AMS / Rock and Roll Hall of Fame and Museum Lecture Series

The American Musicological Society and the Rock and Roll Hall of Fame and Museum (RRHOFM) in Cleveland, Ohio, are collaborating on a new lecture series that brings scholarly work to a broader audience and showcases the musicological work of the top scholars in the field.

Free and open to the public, the lectures are held in Library Reading Room, Rock Hall Library and Archives (2809 Woodland Avenue, Cleveland). Directions and parking     Google maps

Future Lectures

7 p.m., 16 September 2015: Stephanie Vander Wel, "Rose Maddox’s Roadhouse Vocality and the California Sound of 1950s Rockabilly and Honky-Tonk"

Stephanie Vander Wel describes her lecture as follows: "The Maddox Brothers and Rose came to the forefront of California country music after World War II with their dynamic live performances that bridged the transition from western swing to rockabilly and honky-tonk. I argue that the stage manner and vocal style of Rose Maddox (the lead singer of the family ensemble) was essential to the musical and social context of dance-hall culture and the emerging presence of female performers in Los Angeles. While Maddox engaged with and expanded upon the conventions of western swing to a specific audience of displaced whites, she moved away from the 'sweet' renderings of the singing cowgirl to develop what I term a 'roadhouse' vocality. Within the architectural space of California’s nightspots, Maddox’s vocal technique combined the use of a resonating chest voice with southern vernacular idioms in rockabilly-inflected songs like 'George’s Playhouse Boogie' (1949) and 'Pay Me Alimony' (1951). Maddox’s performances beckoned migrants in general, and women migrants in particular, to the social and physical pleasures of the dance hall, where she evoked the aural vestiges of southern culture to highlight the cultural tensions of displacement in relation to the shifting roles of gender. In doing so, Maddox carved out a performance space for honky-tonk singer Jean Shepard and the 'Queen of Rockabilly,' Wanda Jackson. Thus Maddox created sonic versions of womanhood that not only resisted gendered and class norms in the 1950s but also served as important models for female performers within the production of California country music."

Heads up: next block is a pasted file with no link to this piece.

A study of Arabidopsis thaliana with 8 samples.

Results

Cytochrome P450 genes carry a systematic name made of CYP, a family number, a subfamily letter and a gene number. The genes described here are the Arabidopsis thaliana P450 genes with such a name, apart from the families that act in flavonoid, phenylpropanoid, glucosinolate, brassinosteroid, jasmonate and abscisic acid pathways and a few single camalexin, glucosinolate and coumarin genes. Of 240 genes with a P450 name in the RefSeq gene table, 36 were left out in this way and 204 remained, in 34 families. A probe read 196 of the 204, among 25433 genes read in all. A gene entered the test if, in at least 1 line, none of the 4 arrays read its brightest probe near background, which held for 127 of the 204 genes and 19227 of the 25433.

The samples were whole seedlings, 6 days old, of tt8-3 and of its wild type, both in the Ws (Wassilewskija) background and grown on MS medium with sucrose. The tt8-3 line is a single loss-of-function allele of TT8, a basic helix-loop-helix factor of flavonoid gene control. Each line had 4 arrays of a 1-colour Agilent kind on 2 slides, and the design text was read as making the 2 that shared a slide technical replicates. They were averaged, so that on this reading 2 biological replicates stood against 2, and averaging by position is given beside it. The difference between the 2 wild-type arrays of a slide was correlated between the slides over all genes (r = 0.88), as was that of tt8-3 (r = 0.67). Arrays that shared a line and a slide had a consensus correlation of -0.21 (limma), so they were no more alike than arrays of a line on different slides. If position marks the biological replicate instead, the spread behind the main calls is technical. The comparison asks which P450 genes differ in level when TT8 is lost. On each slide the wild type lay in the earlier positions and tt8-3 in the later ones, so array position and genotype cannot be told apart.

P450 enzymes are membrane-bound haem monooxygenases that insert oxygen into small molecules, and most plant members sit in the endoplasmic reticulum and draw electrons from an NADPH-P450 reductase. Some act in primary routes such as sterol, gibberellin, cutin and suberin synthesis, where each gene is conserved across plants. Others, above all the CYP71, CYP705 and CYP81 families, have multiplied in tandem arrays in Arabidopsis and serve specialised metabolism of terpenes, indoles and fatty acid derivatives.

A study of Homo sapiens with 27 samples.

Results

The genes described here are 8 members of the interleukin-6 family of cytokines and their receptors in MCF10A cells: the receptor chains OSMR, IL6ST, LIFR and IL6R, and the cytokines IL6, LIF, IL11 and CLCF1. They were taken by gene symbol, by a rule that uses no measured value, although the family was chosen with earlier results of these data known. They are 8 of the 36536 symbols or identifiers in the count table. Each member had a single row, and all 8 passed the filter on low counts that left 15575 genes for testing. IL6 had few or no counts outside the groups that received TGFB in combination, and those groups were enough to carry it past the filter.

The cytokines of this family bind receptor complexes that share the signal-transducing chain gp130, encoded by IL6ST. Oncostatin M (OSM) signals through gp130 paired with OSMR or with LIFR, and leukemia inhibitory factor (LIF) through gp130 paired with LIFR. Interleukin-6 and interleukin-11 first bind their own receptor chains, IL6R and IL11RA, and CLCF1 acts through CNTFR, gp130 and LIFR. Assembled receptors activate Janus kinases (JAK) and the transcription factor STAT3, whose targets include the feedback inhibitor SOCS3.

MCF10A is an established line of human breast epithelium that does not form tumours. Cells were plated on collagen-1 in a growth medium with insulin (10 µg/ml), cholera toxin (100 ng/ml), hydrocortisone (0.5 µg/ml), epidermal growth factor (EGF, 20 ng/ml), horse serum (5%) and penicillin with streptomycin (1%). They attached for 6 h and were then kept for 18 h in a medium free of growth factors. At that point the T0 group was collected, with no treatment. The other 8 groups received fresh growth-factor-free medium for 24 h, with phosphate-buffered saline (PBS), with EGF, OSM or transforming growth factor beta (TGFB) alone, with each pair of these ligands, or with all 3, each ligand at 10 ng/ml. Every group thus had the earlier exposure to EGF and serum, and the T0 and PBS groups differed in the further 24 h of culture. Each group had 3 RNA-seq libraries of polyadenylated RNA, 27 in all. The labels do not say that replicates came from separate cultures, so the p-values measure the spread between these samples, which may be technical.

The lecture is FREE and reservations are recommended, but not required. To RSVP, visit or in person at the Rock Hall Box Office.

Past Lectures

See here for full details and video webcasts

Mark Clague (University of Michigan), spring 2015: "'This Is America': Jimi Hendrix’s Reimaginings of the 'The Star-Spangled Banner' as Social Comment for Woodstock and Beyond"

Samantha Bennett (Australian National University), fall 2014: "Rock, Recording and Rebellion: Technology and Process in 1990s Record Production"

Christopher Doll (Rutgers University), spring 2014: "Nuclear Holocaust, the Kennedy Assassination, and 'Louie Louie': The Unlikely History of Sixties Rock and Roll"

Loren Kajikawa (University of Oregon), September 2013: "Before Rap: DJs, MCs, and Pre-1979 Hip Hop Performances"

Andrew Flory (Carleton College), December 2012: "Reissuing Marvin: Musicology and the Modern Expanded Edition"

David Brackett (McGill University), April 2012: "Fox-Trots, Hillbillies, and the Classic Blues: Categorizing Popular Music in the 1920s"

Albin Zak (University at Albany, SUNY), October 2011: "'A Thoroughly Bad Record': Elvis Presley’s 'Hound Dog' as Rock and Roll Manifesto"

Call for Lecture Proposals

Follow this link for full instructions if you are interested in participating in the AMS/RRHOFM Lecture Series.